Posted on Wednesday, October 11 @ 14:27:42 Eastern by Joe_DodsonWith Bark at the Moon muzzled and Frankenstein successfully resurrected, we Guitar Heroes were content to take off our capes and cowls and return to the quiet life of the average, every day video gamer, namely shooting Nazis and pwning Orcs. What a life, right? Well, months after our musical masquerades ended, we found ourselves wondering, “Was Guitar Hero really a great video game, or just an outstanding novelty act?”
Sure, we were hopelessly addicted for a while there, and we even got our moms and dads to play it, who hadn’t played anything since Tetris, but frankly, we couldn’t help wondering if its encore could be as good as the opening set, even with new songs, modes and practice features. What we had forgotten, and what we were recently reminded of, is that Guitar Hero shares a soul with the classic rock and metal it uses as levels. And from what we've seen, Guitar Hero 2 is as good as ever at putting you on the other side of the radio.
As opposed to getting into the whole track list or going too deeply into the new features before we publish a review, we thought we’d take a look at the game through one of the songs we feel most distinguishes Guitar Hero 2 from the original, Dick Dale’s Misirlou.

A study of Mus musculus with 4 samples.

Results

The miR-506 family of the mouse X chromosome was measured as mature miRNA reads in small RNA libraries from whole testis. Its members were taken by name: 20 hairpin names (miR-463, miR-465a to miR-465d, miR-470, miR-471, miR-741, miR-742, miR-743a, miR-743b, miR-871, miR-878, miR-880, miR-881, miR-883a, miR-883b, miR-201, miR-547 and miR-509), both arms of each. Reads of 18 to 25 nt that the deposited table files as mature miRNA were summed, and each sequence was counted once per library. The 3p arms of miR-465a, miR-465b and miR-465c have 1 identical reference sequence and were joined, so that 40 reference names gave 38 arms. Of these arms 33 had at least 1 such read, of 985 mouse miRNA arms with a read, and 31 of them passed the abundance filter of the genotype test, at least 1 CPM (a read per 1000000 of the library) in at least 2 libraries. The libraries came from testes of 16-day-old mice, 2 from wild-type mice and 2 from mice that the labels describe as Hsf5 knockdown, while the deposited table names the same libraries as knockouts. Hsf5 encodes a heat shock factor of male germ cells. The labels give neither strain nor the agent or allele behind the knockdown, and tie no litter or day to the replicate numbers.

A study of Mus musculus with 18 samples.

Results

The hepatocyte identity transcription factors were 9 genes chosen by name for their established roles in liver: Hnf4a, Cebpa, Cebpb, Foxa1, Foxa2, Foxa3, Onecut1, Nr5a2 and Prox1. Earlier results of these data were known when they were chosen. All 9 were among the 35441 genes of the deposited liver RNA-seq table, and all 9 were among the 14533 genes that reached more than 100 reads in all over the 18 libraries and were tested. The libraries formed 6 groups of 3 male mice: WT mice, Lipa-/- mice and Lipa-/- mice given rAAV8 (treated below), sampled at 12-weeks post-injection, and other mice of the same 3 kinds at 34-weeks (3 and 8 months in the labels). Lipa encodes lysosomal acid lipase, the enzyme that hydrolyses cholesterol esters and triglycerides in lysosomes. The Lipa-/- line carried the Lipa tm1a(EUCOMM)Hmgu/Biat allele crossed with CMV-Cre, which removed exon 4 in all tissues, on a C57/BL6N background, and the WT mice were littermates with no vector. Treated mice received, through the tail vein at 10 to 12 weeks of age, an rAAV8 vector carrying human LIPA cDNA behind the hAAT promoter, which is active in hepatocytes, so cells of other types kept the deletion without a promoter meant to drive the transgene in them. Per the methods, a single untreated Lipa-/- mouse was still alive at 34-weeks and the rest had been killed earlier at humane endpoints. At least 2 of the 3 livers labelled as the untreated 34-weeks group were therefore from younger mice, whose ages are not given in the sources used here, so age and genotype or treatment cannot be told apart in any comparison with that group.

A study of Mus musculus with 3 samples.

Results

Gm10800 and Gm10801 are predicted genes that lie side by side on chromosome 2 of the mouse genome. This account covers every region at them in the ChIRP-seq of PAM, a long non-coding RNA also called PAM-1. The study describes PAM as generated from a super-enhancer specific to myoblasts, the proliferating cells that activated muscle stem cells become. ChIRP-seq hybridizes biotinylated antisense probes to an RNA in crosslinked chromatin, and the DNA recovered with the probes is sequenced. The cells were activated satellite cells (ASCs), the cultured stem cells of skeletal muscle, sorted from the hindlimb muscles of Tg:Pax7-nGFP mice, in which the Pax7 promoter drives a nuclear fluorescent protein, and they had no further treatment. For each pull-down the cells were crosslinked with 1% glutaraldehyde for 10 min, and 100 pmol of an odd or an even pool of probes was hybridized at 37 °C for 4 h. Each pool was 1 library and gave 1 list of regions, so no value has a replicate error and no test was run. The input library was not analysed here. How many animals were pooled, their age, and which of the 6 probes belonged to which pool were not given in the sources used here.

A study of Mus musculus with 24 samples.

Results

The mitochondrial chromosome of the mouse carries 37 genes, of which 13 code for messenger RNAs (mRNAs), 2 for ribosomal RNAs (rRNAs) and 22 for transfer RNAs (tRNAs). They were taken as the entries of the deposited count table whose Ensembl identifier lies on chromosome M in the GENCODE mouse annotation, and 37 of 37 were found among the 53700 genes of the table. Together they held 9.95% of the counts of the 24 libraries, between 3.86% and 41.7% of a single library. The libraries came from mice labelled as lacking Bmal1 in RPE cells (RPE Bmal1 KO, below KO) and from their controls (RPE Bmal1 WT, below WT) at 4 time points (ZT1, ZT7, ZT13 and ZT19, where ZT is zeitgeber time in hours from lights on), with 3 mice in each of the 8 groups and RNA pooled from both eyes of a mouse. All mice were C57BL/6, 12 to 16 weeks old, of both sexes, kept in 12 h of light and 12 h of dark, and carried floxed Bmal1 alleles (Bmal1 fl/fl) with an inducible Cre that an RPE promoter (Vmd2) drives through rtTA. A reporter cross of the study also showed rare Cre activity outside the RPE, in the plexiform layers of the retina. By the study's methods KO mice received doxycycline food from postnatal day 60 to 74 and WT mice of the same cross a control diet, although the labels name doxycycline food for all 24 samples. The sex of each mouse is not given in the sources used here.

We don’t know how to pronounce it and we barely even know how to play it, but when we ran across it in the list, this song blew our minds and our plans for the day. Completely unlike anything you played in the original Guitar Hero, Misirlou combines blistering speed and three-note chords, while sadistically demanding an insane amount of digital flexibility. I’ve played it for hours and I still suck at it, as you can see for yourself in the video. [Editor’s Note: Yeah, right, Joe. Thanks for beating expert mode and making all the rest of us look like we suck. Showoff.]
There's a part in the middle that always tears me up because a) I don’t have six fingers on my left hand and b) it's unlike anything that comes before it. In the first game, I would've had to play for minutes before reaching this sequence and completely wiping out - cue the booing crowd. Now I can skip straight to that part, and wipe out almost instantly.
You see, in Guitar Hero II, every song is divided into its main parts (intro, verse, melody, etc.), and each can be practiced by itself or in sequence at four different tempos (normal, slow, slower, slowest), so you can sit and dissect any hellish stretch of notes you want, rather than just hitting Star Power. Don't mistake Practice mode for an easy button, though. It doesn't ruin the mystique of the game's nastier passages or suddenly turn brutal songs like Misirlou into cakewalks, because a lot of this stuff is still freakin' hard even slowed way down. This is a much needed tool in the Guitar Hero's utility belt.
We love the nifty new gadgets, but the real stars of the show are the villainous tracks themselves, like Misirlou. With their insidious licks, diabolical riffs, and superhuman chords, they'll rock your world this November 7th.